Sales stats for the month of September have been propagated by the NPD Group, and the usual suspects are on there with no major upsets. The 360 is leading sales with 483,000 units sold, followed by the PS3 (estimated at ~370,000 units), with the Wii bringing up the rear with 240,000. Nintendo was happy to point out, however, that the DS has just crossed over the line of 50 million sold in the US, making it the best-selling game console ever in this country by their calculations (the PS2 is a very close second, if so). But with a quarter of a million DS units flying off the shelves every month, what does that mean for the 3DS?
You may remember that Nintendo made quite a big deal about essentially introducing the new handheld with a price that was just plain too high. After slashing the price and offering free games to early adopters as a consolation prize, they’ve seen sales improve… but the month saw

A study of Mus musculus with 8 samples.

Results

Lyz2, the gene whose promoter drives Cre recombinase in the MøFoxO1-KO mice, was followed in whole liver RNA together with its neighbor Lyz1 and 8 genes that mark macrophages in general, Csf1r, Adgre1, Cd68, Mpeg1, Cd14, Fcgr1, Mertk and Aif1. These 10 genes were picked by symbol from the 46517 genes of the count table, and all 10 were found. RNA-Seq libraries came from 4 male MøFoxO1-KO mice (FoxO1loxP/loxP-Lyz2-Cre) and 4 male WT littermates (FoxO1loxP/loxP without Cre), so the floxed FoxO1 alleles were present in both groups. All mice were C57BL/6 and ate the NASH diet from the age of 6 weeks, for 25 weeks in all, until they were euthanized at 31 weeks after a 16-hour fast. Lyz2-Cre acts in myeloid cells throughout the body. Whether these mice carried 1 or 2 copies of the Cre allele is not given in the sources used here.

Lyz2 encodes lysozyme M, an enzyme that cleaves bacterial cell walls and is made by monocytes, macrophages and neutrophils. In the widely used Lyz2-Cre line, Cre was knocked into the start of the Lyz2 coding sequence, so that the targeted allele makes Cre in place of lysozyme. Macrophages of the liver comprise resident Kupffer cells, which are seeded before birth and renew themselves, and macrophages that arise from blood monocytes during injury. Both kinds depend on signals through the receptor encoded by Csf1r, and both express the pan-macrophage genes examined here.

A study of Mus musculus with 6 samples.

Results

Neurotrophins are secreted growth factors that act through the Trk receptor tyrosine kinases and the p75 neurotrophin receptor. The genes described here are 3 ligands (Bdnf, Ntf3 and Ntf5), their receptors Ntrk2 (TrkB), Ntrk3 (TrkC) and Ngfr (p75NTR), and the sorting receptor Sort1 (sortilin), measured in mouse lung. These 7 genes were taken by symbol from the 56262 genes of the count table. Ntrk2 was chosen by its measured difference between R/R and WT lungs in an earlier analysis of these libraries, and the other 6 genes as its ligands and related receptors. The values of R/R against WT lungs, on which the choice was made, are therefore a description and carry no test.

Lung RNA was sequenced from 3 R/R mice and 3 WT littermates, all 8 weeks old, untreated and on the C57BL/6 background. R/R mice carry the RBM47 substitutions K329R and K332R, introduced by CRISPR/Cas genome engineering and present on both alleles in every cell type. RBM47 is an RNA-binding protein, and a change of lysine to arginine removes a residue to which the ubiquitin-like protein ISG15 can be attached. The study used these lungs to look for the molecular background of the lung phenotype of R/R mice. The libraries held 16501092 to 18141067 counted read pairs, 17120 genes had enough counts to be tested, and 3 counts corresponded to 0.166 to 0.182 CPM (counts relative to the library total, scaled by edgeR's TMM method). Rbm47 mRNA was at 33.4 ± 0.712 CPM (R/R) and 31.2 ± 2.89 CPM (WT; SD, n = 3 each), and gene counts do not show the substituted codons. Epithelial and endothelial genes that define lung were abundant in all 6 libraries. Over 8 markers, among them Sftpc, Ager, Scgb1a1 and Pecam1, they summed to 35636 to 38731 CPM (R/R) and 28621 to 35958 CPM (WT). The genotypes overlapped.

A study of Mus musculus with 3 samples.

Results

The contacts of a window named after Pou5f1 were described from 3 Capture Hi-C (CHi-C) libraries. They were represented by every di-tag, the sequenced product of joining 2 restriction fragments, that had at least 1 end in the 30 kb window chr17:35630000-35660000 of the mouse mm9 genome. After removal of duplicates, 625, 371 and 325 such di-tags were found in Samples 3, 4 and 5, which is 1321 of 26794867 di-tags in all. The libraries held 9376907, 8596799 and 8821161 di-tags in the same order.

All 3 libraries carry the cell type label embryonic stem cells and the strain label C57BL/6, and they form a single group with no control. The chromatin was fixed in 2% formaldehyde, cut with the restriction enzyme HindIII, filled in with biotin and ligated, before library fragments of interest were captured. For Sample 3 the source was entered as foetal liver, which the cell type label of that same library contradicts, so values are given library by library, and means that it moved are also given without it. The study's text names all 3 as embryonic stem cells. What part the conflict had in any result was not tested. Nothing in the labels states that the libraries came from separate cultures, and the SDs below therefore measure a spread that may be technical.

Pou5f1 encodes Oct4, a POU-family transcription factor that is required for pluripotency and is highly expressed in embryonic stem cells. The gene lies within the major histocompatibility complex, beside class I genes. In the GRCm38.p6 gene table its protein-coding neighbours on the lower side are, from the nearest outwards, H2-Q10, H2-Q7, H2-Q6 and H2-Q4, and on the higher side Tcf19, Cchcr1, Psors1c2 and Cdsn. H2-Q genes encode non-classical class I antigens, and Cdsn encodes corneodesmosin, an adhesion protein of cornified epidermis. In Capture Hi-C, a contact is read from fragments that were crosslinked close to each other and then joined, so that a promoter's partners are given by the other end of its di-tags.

only 150,000 260,000 being sold, not the kind of numbers Nintendo would like to see for their only new console in years (though not as low as the number I had here originally). There was a surge right after the new pricing was announced, but that seems to have petered out.
Did they miss the boat?
Don’t forget that the DS is in its 7th year of sales. The 3DS is its true replacement (not the XL, or DSi), and the 3DS will be on sale for a long, long time. The gaming race isn’t a sprint, and a stumble at the start doesn’t mean Nintendo is out of the running. After all, the PS3 was a joke when it started out, and while it hasn’t dominated the 360 by any means, it has seen solid, increasing sales over the years. Nintendo is okay with putting a band-aid on this problem because they’re looking five years down the line.
Not to mention the DS is finishing off strong, with a big year of serious releases, while the 3DS doesn’t have two killer games to rub together. Give the 3DS some time: the price will drop, new versions will arrive, and must-have games will be announced. And hopefully no children will go blind.